As tradition would have it, at Easter, we like to do smoked lamb in the smoker.. Smoked lamb loin chops with rosemary and olive oil– dry brined with coarse kosher salt and then seasoned to perfection with my original rub (Purchase formula here | Purchase bottled rub). Might be the best lamb I've done yet.
In my opinion, this is the most flavorful of the chops and because you can cook them at low heat in the smoker in under an hour, they are a great option for Easter Sunday meal. Just make sure you make plenty since each chop has a “T” shaped bone running through it leaving only about 3-4 ounces of meat in each one.
They are lean and flavorful and the smoke really sets them off.
I have been seeing these in Costco for a while now and I recommend you pick up a package even if you think you don't like lamb or haven't liked it in the past.
A dry brine is a simple sprinkling of coarse kosher salt (Morton's blue box) on the outside of the meat and letting it sit in the fridge for 2 or more hours. During this time the salt draws moisture to the surface where it mixes and becomes a flavorful slurry. This juice is drawn back into the meat, and the meat is now seasoned all the way through.
I usually only dry brine one side especially if the meat is not very thick or the pieces are rather small like these loin chops. If you are dry brining large meaty steaks that are really thick, you might consider doing both sides.
In most cases, you can be pretty generous and the meat will still not end up too salty. It is difficult to measure the salt used in dry brining. See the image below to get an idea of how much salt to use.
If you want to use an additional rub on the outside (which I recommend for these), be sure to use something low in salt such as my original rub (Purchase formula here | Purchase bottled rub)
Here's the lamb chops salted and ready to go into the fridge:
After salting the top, place the lamb chops into the fridge for about 2 hours.
Once the lamb loin chops are dry brined, remove them from the fridge for the oil and herbs.
Note: There is no need to rinse.
This is best done an hour or two ahead of time to let the flavors fuse together.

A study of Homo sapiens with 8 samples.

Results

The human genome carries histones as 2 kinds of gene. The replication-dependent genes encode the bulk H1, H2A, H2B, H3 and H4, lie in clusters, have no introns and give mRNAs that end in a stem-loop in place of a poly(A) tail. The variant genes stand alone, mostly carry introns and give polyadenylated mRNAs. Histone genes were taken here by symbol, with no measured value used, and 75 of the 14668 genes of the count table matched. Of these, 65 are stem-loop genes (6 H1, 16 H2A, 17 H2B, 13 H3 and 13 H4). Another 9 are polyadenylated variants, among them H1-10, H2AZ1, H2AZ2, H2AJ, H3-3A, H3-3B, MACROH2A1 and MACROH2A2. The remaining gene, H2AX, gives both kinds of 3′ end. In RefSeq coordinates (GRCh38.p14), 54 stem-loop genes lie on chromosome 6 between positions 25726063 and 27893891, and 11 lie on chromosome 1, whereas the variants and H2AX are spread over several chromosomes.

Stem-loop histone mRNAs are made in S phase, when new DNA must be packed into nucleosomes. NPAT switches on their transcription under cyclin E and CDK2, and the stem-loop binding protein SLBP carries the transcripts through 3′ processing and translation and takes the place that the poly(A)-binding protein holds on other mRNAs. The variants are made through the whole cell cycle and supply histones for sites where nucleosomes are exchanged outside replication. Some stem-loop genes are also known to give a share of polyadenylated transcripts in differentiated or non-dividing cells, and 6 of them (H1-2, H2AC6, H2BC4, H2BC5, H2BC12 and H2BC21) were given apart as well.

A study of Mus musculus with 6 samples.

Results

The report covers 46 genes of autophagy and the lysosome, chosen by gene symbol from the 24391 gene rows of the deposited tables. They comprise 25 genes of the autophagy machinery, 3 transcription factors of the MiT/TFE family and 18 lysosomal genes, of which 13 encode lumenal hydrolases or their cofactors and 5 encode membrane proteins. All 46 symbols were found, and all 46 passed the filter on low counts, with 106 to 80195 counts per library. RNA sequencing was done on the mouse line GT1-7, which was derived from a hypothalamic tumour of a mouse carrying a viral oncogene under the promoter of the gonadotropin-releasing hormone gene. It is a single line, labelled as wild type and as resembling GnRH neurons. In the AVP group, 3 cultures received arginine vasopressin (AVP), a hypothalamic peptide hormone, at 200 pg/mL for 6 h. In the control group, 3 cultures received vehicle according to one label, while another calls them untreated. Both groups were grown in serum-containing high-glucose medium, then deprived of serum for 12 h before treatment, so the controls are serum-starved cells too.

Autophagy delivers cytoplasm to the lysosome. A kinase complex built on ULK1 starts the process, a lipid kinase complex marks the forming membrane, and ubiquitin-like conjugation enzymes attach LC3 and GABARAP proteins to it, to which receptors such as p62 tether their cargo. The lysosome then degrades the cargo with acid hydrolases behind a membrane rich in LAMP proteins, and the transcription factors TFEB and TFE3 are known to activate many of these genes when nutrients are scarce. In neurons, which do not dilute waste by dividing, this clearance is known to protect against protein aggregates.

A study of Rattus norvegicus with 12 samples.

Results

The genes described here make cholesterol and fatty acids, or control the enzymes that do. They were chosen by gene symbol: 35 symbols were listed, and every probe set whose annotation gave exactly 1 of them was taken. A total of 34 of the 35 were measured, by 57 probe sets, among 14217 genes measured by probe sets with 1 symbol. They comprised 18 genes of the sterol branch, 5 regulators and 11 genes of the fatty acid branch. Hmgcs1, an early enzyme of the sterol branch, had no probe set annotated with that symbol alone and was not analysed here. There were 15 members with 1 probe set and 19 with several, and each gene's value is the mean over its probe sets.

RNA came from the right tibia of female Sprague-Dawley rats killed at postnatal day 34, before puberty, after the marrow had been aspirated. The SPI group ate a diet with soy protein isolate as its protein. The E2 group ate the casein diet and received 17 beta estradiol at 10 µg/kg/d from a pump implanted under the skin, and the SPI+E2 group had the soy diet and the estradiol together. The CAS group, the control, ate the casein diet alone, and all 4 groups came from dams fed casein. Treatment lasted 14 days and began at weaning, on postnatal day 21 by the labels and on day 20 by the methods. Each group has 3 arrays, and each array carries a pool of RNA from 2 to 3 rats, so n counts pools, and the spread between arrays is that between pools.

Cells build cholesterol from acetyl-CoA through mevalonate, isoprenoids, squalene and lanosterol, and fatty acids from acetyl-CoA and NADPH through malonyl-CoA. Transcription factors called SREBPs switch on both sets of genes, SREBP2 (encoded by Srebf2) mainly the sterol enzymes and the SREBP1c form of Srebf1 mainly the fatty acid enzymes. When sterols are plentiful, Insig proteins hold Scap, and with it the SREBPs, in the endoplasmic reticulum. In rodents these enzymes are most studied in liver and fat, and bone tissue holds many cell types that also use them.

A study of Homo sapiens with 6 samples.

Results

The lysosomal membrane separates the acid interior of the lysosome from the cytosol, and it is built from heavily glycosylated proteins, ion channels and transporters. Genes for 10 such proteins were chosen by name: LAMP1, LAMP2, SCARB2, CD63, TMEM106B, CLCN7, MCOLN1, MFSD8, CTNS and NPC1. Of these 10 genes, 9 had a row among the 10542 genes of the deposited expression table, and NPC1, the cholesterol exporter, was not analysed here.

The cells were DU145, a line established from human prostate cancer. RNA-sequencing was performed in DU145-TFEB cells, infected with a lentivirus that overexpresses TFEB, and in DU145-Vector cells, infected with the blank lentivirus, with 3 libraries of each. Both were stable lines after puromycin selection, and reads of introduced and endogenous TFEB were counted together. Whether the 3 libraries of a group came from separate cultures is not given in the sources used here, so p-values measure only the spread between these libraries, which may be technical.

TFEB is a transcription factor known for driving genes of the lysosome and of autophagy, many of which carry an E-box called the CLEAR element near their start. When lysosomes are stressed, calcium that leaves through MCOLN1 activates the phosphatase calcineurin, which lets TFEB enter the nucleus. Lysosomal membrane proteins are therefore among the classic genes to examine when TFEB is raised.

Finely chop enough rosemary to make about a tablespoon.
Note: I've had a few of you email me saying this does not look like rosemary. I'm not sure entirely what doesn't look like chopped rosemary but to point out the process– I remove the leaves or “needles” from the stem and all but the very thin stems are discarded. The rosemary leaves/needles are finely chopped into what you see in the image below.
Pour ¼ cup of olive oil over the rosemary and let it sit until you are ready to use it.
Once ready, brush the olive oil and rosemary leaves onto the top and sides of the lamb chops. Be generous.
Let the seasoned lamb loin chops sit while you go get the smoker ready.
You can smoke them in any type or brand of smoker by following the heat recommendations and time estimations.
Set up your smoker for cooking at 225°F with indirect heat. If your smoker has a water pan, fill it up.
Add enough smoking wood to last 30-45 minutes.
Place the lamb chops on the smoker grate or use a pan and rack or Weber grill pan.. your choice.
At 225°F the chops should take about 50 minutes to reach medium rare. I usually shoot for about 138°F.
Remember, the time is simply an estimation, the temperature is what determines when the meat is done. Many things can change how long it actually takes such as:
- How cold the meat is when it goes into the smoker.
- How full the smoker is.
- Outside ambient temperature.
- How often the smoker door is opened.
Just as soon as the meat was ready, I removed it from the smoker.
Set the loin chops on the counter with foil tented over it for about 5-7 minutes to rest before serving.